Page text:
By the time I was a senior in college, I was living on the typical college schedule and doing work until 2-3am and then waking up at 10 or 11am (because needless to say by the time I had the flexibility to choose my own classes and fulfilled all of my major requirements I didn’t schedule any classes before 11am). After graduation when I started my first job, I realized that this lifestyle was not sustainable. I could not go to the gym at 9 or 10pm, do work, go to bed, and be at work by 9am the next work feeling refreshed and ready to be productive.
I decided that I wanted to make the most of my day and getting up early seemed like the best place to start. It took me about a month to get used to, but now I love it. By the time most of my office gets in at 9:30am, I have had 1.5 hours to exercise (which may be a run, swim practice, or gym session depending on the day), check and respond to emails, organize myself, and dig into a project or two.
Honestly, feeling accomplished by 9am energizes me for the rest of the day. It creates a momentum and focus that propels me forward. Now that I have encountered this feeling of productivity and exhilaration there is no going back. Here are my tips for getting yourself out of bed and maximizing your morning:
1) Don’t Hit Snooze
Those extra 5, 10, 20, or even 30 minutes are not going to be restful, so don’t tempt yourself. I know this is difficult but you are up to the challenge. Entrepreneurs laugh in the face of adversity and challenge. I mean you defied societal pressure and pursued your own life path, right? So try framing this as a challenge and prove to yourself that you can conquer the snooze button.
2) Turn on the Lights
In conjunction with not snoozing, turn on your bedroom lights as soon as your alarm goes off (you may want to put your alarm near the light switch so that you have to get up to turn it off).
3) Get the Blood Moving
While lying in bed under the covers is relaxing and cozy, you need to start moving to help your body wake up. I have a yoga mat under my bed so that I can stretch at night. When I started getting up early to workout, I decided to do some crunches or pushups in my room before going for a run. I noticed that if I literally rolled out of bed and did a few crunches, my sleepiness was subdued and I was ready to seize the morning.
4) Enlist a Buddy
Two months ago I signed up for a Master’s Swimming program. I swam competitively in high school and recreationally in college, but stopped once I graduated because it did not fit into my work schedule. Once I moved and found out that there was a pool nearby, I knew I wanted to pick up the sport again. Luckily, I found a friend who said he would sign up as well. Practices are at 6am so I need to wake up at 5:15AM to get there on time. This is earlier than normal for me and was painful for the first few practices. But having a buddy keeps me accountable. I have to make the decision whether or not to go the night before and don’t want to let him or me down at 5:15am by hitting the snooze button.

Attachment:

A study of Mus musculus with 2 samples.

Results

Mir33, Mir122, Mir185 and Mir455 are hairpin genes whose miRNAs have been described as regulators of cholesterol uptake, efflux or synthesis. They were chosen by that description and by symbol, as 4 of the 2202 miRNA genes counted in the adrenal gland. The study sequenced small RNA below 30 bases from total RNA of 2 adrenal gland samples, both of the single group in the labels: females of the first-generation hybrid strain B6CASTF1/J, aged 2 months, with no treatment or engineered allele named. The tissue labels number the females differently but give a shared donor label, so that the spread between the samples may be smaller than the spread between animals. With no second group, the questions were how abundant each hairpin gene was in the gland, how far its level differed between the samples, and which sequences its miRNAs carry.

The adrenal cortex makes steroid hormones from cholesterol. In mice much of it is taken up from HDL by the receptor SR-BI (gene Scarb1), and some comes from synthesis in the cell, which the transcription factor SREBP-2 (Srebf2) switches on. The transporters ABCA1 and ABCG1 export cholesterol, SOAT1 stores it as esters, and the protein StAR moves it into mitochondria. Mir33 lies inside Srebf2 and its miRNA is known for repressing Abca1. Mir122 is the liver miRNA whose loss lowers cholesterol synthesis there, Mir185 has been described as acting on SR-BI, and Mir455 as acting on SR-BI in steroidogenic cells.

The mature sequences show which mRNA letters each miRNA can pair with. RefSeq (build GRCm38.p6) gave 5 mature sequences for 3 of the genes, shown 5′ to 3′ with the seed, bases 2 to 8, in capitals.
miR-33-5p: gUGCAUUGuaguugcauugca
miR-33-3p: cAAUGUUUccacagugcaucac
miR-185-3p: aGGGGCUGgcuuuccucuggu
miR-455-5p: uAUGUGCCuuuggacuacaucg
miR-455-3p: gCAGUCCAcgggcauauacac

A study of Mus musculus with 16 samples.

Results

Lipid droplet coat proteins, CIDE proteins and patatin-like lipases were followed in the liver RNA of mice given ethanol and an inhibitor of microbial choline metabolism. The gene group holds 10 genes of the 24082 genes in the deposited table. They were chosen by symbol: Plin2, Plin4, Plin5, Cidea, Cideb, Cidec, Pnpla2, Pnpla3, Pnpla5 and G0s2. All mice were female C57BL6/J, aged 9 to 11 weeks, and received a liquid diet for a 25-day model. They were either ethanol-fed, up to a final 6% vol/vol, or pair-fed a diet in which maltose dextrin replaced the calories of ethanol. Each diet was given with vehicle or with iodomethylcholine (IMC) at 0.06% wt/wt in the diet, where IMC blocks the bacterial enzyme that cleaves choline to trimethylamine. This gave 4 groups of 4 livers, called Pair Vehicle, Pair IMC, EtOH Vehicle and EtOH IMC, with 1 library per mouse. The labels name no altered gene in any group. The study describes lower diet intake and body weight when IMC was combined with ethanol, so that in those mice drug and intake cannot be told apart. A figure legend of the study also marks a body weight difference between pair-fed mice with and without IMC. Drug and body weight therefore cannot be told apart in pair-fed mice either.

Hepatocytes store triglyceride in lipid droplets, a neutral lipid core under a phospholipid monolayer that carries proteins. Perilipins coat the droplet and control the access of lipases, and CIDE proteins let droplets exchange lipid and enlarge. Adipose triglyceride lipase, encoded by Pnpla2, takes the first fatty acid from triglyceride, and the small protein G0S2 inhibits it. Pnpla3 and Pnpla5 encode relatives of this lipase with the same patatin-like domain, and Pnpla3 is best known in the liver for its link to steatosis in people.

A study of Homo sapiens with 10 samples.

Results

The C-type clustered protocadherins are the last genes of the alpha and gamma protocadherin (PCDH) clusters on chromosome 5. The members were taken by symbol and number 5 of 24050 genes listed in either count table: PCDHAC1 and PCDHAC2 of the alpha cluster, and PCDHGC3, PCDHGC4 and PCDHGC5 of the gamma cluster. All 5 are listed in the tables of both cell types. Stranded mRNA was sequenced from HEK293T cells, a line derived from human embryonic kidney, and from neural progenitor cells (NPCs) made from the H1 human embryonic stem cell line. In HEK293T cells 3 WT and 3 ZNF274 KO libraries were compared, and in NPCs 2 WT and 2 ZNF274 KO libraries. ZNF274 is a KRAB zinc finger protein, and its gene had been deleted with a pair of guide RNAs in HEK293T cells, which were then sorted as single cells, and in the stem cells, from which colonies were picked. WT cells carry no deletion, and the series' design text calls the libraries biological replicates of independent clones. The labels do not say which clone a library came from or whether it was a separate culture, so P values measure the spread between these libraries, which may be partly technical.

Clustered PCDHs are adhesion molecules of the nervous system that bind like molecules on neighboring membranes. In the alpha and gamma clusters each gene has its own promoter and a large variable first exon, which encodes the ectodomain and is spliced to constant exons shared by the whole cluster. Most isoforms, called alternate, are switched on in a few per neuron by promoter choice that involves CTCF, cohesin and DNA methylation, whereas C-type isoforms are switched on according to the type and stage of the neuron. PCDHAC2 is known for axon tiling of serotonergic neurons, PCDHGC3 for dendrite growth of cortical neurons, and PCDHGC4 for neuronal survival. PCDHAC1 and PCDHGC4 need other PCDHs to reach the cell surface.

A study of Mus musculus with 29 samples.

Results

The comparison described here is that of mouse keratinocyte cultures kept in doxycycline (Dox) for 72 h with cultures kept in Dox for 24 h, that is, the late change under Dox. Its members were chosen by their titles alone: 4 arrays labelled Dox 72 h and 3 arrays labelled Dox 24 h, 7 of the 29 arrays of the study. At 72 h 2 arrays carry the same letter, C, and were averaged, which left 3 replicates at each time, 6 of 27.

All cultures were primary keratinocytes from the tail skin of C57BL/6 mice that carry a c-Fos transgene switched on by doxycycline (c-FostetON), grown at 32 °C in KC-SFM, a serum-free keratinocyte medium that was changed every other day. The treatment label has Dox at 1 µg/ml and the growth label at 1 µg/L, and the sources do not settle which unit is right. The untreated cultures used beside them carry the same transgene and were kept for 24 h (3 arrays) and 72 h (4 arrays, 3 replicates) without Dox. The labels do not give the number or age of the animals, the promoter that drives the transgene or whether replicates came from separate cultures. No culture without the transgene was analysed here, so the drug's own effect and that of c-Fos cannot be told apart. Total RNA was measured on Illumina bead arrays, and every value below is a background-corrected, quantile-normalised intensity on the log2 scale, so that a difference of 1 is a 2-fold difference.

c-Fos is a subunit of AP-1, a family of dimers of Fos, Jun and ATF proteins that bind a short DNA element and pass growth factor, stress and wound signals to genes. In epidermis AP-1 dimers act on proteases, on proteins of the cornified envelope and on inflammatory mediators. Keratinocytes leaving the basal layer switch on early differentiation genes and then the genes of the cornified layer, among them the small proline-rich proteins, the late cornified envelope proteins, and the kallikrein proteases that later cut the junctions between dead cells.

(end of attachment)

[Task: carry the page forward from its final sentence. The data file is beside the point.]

5) Reward Yourself
Getting up early is hard! Treat yourself to a nice cup of coffee and healthy breakfast. When I’m working out, it’s motivating to know that I have a delicious berry smoothie or peanut butter and banana sandwich waiting for me. Fueling your mind and body helps to keep you satisfied, focused, and at the top of your game.
6) Start Gradually
I did not set my alarm for 5:15am the first morning I decided to get up early. Instead, I set it for 6:45am and took a week to acclimate myself. Then I set my alarm for 10 minutes earlier the next week, and ten minutes earlier the week after that. 10 minutes did not seem like a lot at the time, but after a month I was getting up consistently by 6am. Baby steps are the key to changing your behavior and sticking to it.
7) Play mind games with yourself
I was an English and Psychology major in college so I think the mind is a pretty powerful place. Use this power to your advantage by encouraging positive thinking. As soon as your alarm goes off, think about yourself in 2 hours: do you want to say you used that time to sleep or be productive? Think about how you feel when you’ve accomplished a task or had a really good workout.
Waking up early was not easy in the beginning, and I still have mornings where I wonder where the last 5-7 hours went. But, after a month of getting up early, I found that I was more productive when I got up at 6am and worked out than when I slept for an extra hour. In addition, I felt strong and fit, which helps me make healthy choices throughout the day. I’ve found that getting up early is a win-win for my work and my health.
How do you motivate yourself to get up early?
Cara Murphy is Editor here at Under30CEO. She is also Associate Marketing Manager at the Juvenile Diabetes Cure Alliance and Managing Editor at Lifestyle and Charity Magazine. She can’t live without coffee, crossword puzzles, travel, and multi-tasking. Follow her @cmurphs12 for inspirational quotes and musings.